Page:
PG&E news roundup: Discounts for energy hogs, new power plants in poor communities, and the CEO’s incredible expanding pension


By Rebecca Bowe

A couple of news items related to California’s most powerful utility company caught our attention this week.

Pacific Gas & Electric Co. is planning to raise electricity rates for the customers who use less -- in order to slash costs for big-time energy hogs, Mission Local reported this morning.

In an application filed with the California Public Utilities Commission (CPUC) on Oct. 14, PG&E explained that typical residential customers paying $74.14 a month would see their average monthly bill rise to $76.63, a 3.4 percent hike. Meanwhile, consumers using 1,500 kilowatt-hours per month could see their average monthly bill drop from $434.98 to $419.66, a discount of 3.5 percent. If approved, the change could take place Jan. 1, 2010 along with a bundle of other rate hikes.

It isn’t the only PG&E request to raise eyebrows recently.

A trio of environmental organizations filed formal letters of protest with the CPUC this week against PG&E’s application for two new gas-fired power plants.

The facilities, which would generate up to 1,300 megawatts of power, would be constructed in Oakley and Antioch, and PG&E expects them to be in operation by 2013 and 2014, respectively. According to the application, the utility would purchase the power generated by one facility, which would be owned and operated by Mirant. It would enter into a deal to purchase and operate the second facility once it was up and running.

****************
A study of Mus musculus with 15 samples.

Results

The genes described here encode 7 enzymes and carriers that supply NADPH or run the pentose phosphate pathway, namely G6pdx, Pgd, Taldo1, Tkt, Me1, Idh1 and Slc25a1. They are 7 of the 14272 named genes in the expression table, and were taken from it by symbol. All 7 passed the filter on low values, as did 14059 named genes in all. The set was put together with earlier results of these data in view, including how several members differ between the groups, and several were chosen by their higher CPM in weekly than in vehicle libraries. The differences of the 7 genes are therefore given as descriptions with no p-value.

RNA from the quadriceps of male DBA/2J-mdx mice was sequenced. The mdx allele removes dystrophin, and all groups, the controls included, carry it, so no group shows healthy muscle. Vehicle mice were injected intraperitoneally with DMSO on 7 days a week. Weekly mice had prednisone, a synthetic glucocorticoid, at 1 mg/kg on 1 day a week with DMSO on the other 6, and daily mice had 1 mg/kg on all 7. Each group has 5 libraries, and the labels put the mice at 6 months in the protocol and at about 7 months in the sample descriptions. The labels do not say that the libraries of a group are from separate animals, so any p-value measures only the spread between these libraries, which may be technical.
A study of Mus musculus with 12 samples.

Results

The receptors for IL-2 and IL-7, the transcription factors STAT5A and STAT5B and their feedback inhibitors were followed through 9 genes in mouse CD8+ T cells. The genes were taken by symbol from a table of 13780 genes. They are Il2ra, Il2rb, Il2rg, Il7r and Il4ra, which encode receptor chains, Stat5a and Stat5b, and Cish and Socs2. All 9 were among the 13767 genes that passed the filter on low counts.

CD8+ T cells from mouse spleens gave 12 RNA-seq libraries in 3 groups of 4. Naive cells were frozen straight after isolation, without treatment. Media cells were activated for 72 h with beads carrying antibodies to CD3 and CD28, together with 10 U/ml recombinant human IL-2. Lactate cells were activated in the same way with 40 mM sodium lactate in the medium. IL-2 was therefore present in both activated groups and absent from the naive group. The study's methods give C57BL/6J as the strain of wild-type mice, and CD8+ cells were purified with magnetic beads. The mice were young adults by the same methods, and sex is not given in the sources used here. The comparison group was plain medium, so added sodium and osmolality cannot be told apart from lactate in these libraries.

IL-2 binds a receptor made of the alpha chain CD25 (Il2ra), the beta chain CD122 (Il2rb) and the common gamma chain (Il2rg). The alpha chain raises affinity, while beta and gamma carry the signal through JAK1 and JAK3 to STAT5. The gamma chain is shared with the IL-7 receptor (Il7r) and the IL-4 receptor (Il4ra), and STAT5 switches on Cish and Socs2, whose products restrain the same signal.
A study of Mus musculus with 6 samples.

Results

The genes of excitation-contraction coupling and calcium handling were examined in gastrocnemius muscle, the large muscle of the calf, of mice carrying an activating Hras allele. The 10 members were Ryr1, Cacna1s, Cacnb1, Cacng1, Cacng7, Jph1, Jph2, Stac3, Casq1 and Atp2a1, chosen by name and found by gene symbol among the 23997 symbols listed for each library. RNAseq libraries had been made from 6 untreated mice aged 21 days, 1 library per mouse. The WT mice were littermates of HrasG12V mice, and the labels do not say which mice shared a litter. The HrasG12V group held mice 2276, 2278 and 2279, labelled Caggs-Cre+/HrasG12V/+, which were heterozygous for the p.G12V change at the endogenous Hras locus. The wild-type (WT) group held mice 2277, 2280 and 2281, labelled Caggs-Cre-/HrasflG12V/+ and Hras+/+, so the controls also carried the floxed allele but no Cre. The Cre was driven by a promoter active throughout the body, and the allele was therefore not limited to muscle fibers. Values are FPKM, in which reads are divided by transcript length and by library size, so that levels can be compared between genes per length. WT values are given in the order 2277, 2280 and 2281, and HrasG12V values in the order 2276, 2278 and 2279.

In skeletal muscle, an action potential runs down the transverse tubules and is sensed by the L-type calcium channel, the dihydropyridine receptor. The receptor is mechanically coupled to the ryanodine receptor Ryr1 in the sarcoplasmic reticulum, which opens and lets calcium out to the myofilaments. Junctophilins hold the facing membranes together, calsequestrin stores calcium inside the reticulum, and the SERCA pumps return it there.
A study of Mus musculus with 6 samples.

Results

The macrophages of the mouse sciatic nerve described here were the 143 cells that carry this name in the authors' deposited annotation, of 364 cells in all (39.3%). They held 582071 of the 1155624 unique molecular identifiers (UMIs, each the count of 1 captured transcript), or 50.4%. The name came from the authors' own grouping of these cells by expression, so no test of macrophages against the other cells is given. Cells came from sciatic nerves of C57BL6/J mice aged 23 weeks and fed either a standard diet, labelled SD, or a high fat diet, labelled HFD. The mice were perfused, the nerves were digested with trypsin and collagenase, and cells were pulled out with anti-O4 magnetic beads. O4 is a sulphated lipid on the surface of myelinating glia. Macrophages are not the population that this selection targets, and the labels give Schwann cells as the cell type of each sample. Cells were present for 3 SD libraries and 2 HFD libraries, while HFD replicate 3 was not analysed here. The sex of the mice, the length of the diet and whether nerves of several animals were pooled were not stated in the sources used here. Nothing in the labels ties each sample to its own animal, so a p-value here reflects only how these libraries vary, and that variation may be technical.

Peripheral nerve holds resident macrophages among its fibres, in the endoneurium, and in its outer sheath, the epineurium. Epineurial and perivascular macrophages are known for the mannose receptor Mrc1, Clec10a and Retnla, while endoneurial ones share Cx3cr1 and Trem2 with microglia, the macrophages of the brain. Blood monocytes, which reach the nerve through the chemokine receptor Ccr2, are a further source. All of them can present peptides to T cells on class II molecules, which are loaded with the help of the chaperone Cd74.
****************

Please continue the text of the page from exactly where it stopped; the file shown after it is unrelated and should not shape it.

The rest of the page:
Pacific Environment, one of three San Francisco nonprofits to issue a letter of protest, submitted to the CPUC that the utility’s proposal to build new fossil fuel powered plants conflicts with the state’s commitment to reduce greenhouse gas emissions. Communities for a Better Environment and Californians for Renewable Energy have also raised concerns about the proposals.

Pacific Environment’s letter also charged that the company failed to consider the environmental justice implications of building two new power plants in an area already overburdened by pollution.

Ten existing power plants in Contra Costa County, where the facilities would be sited, already account for 56 percent of the total power generated in Bay Area counties, according to data from the California Energy Commission. (That’s not counting the refineries and chemical manufacturing plants in the area, Pacific Environment points out.)

“These facilities are proposed to be sited in low-income and minority communities,” according to the letter. “A significant percentage of the residents in those cities live below the federal poverty line. … These communities are disproportionately impacted by illnesses known to be related to exposure to industrial pollution. For instance, in Contra Costa County, the hospitalization rate due to asthma for African American children is almost five times that of Caucasian children.”

On a different front, PG&E earned a mention in a Wall Street Journal story that ran this week pointing out a rise in executive salaries.

WSJ spotlighted the company’s CEO, Peter Darbee, as a beneficiary of the controversial practice of awarding corporate executives with additional years of service in order to boost their retirement earnings. Darbee was awarded an additional five years of service in 2008, bumping up his pension to $5.2 million from $3.8 million -- a 38 percent rise. Although he seemingly aged half a decade all at once, the chief executive probably feels like a million bucks.

The Guardian placed a call to PG&E yesterday, but did not receive a response.